A while ago I was playing my vintage 1980 edition of Trivial Pursuit with some friends, facing down typically challenging questions about obscure names of pigeon friends in 1960s television shows. On one of these question cards came one of those names you always hope to find in your daily life. Ebenezer Butterick.
Mr. Butterick was one of the biggest names in fashion in the late 1880s, in many senses of the word. Frustrated with the difficulty of measuring and scaling home made clothing, Ebenezer and his wife Ellen Augusta Pollard Butterick came up with tissue paper dress patterns to make the job easier. This revolutionized home sewing and quickly made the couple very wealthy.
Ebenezer was a tailor by trade and therefore fully familiar with sizing up custom patterns to fit any individual, and set about creating a sewing empire with his simple, yet revolutionary invention.
The Buttericks eventually formed the Butterick Company, which among its many achievements once held the record for the world’s largest electric sign that hung off the side of their custom build Butterick Building in New York City. The sign had more than 1400 electric lights, and required a full time staff member of the company to constantly monitor it and replace burned out lights.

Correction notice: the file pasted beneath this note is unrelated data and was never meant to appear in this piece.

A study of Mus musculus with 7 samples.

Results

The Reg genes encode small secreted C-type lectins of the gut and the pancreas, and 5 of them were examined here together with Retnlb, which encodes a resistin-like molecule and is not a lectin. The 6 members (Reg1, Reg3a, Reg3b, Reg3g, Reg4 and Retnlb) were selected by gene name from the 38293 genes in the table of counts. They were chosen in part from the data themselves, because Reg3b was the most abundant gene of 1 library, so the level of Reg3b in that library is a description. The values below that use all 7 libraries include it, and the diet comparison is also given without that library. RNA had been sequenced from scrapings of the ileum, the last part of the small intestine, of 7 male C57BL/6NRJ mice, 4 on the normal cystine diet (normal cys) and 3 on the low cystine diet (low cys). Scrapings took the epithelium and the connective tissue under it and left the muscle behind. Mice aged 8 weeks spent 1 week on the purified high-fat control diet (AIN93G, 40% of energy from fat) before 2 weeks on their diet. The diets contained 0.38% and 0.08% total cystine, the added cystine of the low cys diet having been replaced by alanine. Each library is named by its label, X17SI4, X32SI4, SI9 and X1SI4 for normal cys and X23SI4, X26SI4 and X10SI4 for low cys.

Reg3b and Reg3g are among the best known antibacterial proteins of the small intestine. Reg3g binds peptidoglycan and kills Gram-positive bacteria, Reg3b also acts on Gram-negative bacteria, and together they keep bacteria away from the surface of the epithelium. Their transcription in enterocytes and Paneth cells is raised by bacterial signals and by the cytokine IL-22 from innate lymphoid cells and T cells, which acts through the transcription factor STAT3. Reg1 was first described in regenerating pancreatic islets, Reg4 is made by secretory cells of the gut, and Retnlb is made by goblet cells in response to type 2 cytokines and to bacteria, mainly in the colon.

As you probably figured out by now, the author of this piece really knows nothing at all about sewing and the power and beauty of the Buttericks’ invention is a bit lost on me. However, I wouldn’t pass up any chance to salute their fine achievement of building a good idea into a giant funnily named company.
Butterick, as fitting a fashion icon, wore an impressive huge beard and also founded the Metropolitan fashion magazine, mostly to promote his own patterns. He died in 1903, the same year the company’s Manhattan headquarters was finished. The Butterick-McCall company is still a major player in fabrics, proudly carrying its founders’ name now in its third century. And that’s the power of a great name.